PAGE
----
Collision warning and emergency braking are advances we can afford.


A: Anything else you should consider? How about a chauffeur?

You absolutely should make this change, Shirley. Let’s face it: Our reflexes — along with our eyesight, our hearing and our tolerance for certain relatives at Thanksgiving — decline as we get older.

What could be better than getting a car with some reflexes of its own to make up for our deficiencies?

That’s exactly what’s available to this current generation of senior drivers. We now have cars that notice if a pedestrian walks out in front of you and will hit the brakes for you if you don’t react in time. We have cars that will notice if traffic in front of you slows down, even if you haven’t noticed, and if you fail to react, they’ll slow or stop themselves for you. We have cars that will tell you that you shouldn’t change lanes right now because there’s a car (or worse, an 18-wheeler) in your blind spot that you didn’t notice.

Normally, what happens to older drivers is that they drive until there’s “an incident.” You don’t notice something, someone cuts you off and you don’t react quickly enough, you mistake a statue of the Hamburglar outside a McDonald’s for your late husband and drive into some shrubbery. These things happen. Then the kids conclude (probably correctly) that it’s time for you to give up the keys.

What these advanced safety features do is help you avoid those “incidents,” and delay the time when you have to give up driving and lose a big piece of your independence. Isn’t that fantastic?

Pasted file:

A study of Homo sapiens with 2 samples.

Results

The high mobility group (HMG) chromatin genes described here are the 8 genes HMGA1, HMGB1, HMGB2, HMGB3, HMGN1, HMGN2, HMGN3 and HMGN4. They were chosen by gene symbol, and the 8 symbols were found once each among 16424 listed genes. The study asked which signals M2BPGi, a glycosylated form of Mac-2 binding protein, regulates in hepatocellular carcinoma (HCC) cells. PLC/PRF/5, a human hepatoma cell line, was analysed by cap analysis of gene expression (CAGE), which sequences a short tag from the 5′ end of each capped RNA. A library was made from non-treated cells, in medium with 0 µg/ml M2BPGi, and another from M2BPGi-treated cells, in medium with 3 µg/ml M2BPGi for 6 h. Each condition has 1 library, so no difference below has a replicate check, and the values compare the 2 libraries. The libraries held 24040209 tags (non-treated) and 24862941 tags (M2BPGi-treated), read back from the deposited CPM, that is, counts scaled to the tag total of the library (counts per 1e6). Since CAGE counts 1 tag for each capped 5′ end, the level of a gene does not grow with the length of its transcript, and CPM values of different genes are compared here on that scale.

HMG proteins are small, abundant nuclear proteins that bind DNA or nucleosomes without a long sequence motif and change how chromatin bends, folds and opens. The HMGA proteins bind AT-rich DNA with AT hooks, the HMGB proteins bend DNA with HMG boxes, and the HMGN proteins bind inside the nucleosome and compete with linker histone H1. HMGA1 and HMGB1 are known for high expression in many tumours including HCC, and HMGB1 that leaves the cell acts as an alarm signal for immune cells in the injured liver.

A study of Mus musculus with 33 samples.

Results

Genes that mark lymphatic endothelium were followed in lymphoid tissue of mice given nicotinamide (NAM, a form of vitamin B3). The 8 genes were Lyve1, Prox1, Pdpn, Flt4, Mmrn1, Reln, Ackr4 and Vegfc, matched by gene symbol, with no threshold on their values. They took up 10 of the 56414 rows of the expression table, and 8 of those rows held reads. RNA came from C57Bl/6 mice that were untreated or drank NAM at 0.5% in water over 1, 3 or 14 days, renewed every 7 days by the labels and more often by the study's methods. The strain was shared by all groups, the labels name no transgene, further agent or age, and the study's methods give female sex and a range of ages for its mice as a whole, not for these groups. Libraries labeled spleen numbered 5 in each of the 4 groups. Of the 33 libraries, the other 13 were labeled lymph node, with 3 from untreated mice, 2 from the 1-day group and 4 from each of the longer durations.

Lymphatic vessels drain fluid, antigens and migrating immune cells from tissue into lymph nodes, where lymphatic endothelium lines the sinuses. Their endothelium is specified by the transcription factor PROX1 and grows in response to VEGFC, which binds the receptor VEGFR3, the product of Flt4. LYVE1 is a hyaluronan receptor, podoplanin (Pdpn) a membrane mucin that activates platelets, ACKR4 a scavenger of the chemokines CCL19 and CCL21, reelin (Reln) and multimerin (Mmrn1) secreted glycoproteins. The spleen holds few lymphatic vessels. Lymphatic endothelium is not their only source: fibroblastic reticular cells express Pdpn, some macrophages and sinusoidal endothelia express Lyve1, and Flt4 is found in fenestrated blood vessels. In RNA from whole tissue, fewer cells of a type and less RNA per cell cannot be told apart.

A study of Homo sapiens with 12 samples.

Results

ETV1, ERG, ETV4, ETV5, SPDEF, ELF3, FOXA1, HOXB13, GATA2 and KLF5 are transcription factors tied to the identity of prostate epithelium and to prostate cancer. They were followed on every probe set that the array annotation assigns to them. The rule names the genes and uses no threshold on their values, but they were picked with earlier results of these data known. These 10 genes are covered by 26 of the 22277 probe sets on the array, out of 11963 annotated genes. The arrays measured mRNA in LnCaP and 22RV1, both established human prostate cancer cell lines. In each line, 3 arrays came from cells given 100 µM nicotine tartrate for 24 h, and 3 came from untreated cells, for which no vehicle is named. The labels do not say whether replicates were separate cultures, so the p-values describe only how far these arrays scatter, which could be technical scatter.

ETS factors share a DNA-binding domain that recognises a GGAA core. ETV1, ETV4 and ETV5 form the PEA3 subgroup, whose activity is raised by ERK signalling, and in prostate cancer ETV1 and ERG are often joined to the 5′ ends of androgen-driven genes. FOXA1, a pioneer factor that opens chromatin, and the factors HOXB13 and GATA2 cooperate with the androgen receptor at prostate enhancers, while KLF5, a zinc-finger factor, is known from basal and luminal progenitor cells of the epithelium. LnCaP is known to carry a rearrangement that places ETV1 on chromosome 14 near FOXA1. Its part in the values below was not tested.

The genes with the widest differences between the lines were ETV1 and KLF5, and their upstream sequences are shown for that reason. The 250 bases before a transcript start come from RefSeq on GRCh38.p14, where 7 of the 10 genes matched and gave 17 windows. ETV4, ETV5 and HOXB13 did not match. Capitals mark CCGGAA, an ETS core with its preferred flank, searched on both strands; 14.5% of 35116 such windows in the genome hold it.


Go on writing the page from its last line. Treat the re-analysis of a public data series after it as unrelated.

At some point, if you can’t see or can’t operate the pedals, you’ll still have to give up the keys, Shirley. Although, within a decade or two, if you can hang on, technology may solve that, too, with totally self-driving cars. But for now, the crucial technology to have, in my opinion, is city- and highway-speed forward collision warning with automatic emergency braking, blind spot monitoring, lane departure warning and rear cross-traffic alert. And you can get all that stuff in a Subaru Impreza for less than $25 grand.

I recently drove the new Impreza, and it’s probably the most comfortable small car I’ve driven. It’s practical, affordable and, unlike a number of other affordable cars on the market, you can get it with all the good safety stuff.

I’d love to see a heads-up display in there, too (which projects key information, like your speed and navigation directions, out in front of the windshield, so you don’t have to take your eyes off the road), but good heads-up displays are still slowly trickling down from higher-end cars.

But this is an excellent idea, Shirley. Either trade in the Civic, or bestow it on a ne’er-do-well grandchild, and buy yourself some more safe years behind the wheel. And tell all of your 81-year-old waterskiing and kayaking friends to do the same.